On Tuesday, April 2, the U.S. Preventive Services Task Force (USPSTF) released its draft recommendation statement on Risk Assessment, Genetic Counseling, and Genetic Testing for BRCA-Related Cancer.
The USPSTF recommends that primary care providers screen women who have family members with breast or ovarian cancer with one of several screening tools designed to identify a family history that may be associated with an increased risk for potentially harmful mutations in breast cancer susceptibility genes (BRCA1 or BRCA2). Women with a positive screen should receive genetic counseling and, if indicated after counseling, BRCA testing.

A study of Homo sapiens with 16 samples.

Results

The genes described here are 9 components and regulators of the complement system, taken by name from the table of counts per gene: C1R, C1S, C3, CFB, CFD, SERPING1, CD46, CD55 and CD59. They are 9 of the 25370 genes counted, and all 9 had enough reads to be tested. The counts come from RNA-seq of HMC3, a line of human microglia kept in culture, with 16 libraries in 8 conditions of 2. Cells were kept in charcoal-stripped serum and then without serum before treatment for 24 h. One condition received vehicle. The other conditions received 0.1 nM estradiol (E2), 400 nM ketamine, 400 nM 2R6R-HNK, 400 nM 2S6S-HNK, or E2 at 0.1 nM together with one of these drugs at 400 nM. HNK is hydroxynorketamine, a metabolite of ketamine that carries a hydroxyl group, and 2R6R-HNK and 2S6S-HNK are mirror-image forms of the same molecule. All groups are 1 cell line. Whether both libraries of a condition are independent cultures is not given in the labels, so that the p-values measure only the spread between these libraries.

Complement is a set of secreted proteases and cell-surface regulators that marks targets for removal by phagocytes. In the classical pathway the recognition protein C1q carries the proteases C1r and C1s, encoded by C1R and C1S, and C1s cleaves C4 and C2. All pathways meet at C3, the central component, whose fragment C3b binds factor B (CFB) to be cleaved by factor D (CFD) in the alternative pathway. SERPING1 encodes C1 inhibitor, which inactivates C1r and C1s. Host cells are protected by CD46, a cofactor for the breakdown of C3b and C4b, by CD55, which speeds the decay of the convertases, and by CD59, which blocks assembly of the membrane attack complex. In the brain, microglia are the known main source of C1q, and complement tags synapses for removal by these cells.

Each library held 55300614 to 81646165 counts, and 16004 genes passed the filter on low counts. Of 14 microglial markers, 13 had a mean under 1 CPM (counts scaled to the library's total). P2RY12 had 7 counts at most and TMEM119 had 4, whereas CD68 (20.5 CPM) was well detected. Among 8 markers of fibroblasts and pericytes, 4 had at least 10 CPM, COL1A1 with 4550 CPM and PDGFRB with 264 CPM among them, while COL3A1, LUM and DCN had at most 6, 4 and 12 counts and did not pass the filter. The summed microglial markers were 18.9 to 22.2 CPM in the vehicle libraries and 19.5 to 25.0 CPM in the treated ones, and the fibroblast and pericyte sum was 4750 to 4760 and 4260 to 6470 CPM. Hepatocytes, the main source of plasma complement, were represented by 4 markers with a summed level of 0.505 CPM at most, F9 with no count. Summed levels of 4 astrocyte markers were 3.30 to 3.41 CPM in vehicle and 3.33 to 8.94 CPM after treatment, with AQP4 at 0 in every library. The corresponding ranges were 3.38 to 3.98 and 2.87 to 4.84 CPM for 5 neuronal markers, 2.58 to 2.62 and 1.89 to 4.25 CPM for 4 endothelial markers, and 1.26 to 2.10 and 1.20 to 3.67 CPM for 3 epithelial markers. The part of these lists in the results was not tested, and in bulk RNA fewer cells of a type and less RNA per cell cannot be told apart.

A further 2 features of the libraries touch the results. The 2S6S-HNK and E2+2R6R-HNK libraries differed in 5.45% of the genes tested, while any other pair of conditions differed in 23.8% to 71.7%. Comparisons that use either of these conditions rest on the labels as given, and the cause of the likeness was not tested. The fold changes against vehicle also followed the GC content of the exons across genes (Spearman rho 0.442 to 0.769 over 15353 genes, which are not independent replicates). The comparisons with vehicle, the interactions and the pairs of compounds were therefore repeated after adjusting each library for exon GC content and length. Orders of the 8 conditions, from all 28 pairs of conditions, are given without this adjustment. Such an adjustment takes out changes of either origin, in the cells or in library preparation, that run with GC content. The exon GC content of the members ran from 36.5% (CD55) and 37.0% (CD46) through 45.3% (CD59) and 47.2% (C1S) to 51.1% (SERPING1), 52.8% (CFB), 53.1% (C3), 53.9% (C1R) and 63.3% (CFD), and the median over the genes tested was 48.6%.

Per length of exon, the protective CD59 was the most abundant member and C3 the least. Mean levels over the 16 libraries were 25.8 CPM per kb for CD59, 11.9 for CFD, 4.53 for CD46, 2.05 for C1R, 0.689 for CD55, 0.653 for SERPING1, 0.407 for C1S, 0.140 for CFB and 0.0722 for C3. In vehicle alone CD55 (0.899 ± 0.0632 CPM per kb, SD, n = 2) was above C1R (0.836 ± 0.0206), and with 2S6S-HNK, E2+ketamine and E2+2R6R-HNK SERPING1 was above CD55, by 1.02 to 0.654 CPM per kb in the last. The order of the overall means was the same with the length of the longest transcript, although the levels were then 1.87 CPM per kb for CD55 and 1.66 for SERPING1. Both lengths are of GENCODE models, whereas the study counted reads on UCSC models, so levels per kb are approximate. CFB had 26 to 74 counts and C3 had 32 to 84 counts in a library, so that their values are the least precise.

The USPSTF also recommends against routine genetic counseling or routine BRCA testing for women whose family history is not associated with an increased risk for potentially harmful mutations in the BRCA1 or BRCA2 genes.
The USPSTF will be accepting public comments on this draft recommendation until April 29, 2013, at 5:00 PM ET.
The USPSTF, an independent volunteer panel of non-government experts in prevention and evidence-based medicine, is composed of primary care providers (such as internists, pediatricians, family physicians, gynecologists/obstetricians, and nurses). The USPSTF makes recommendations about the effectiveness of specific clinical preventive services for patients without related signs or symptoms. It bases its recommendations on the evidence of both the benefits and harms of the service and an assessment of the balance. The USPSTF does not consider the costs of providing a service in this assessment.
Last year, OCRF was invited by the USPSTF to participate in this process of developing a recommendation statement, and will continue to provide input and feedback throughout the process.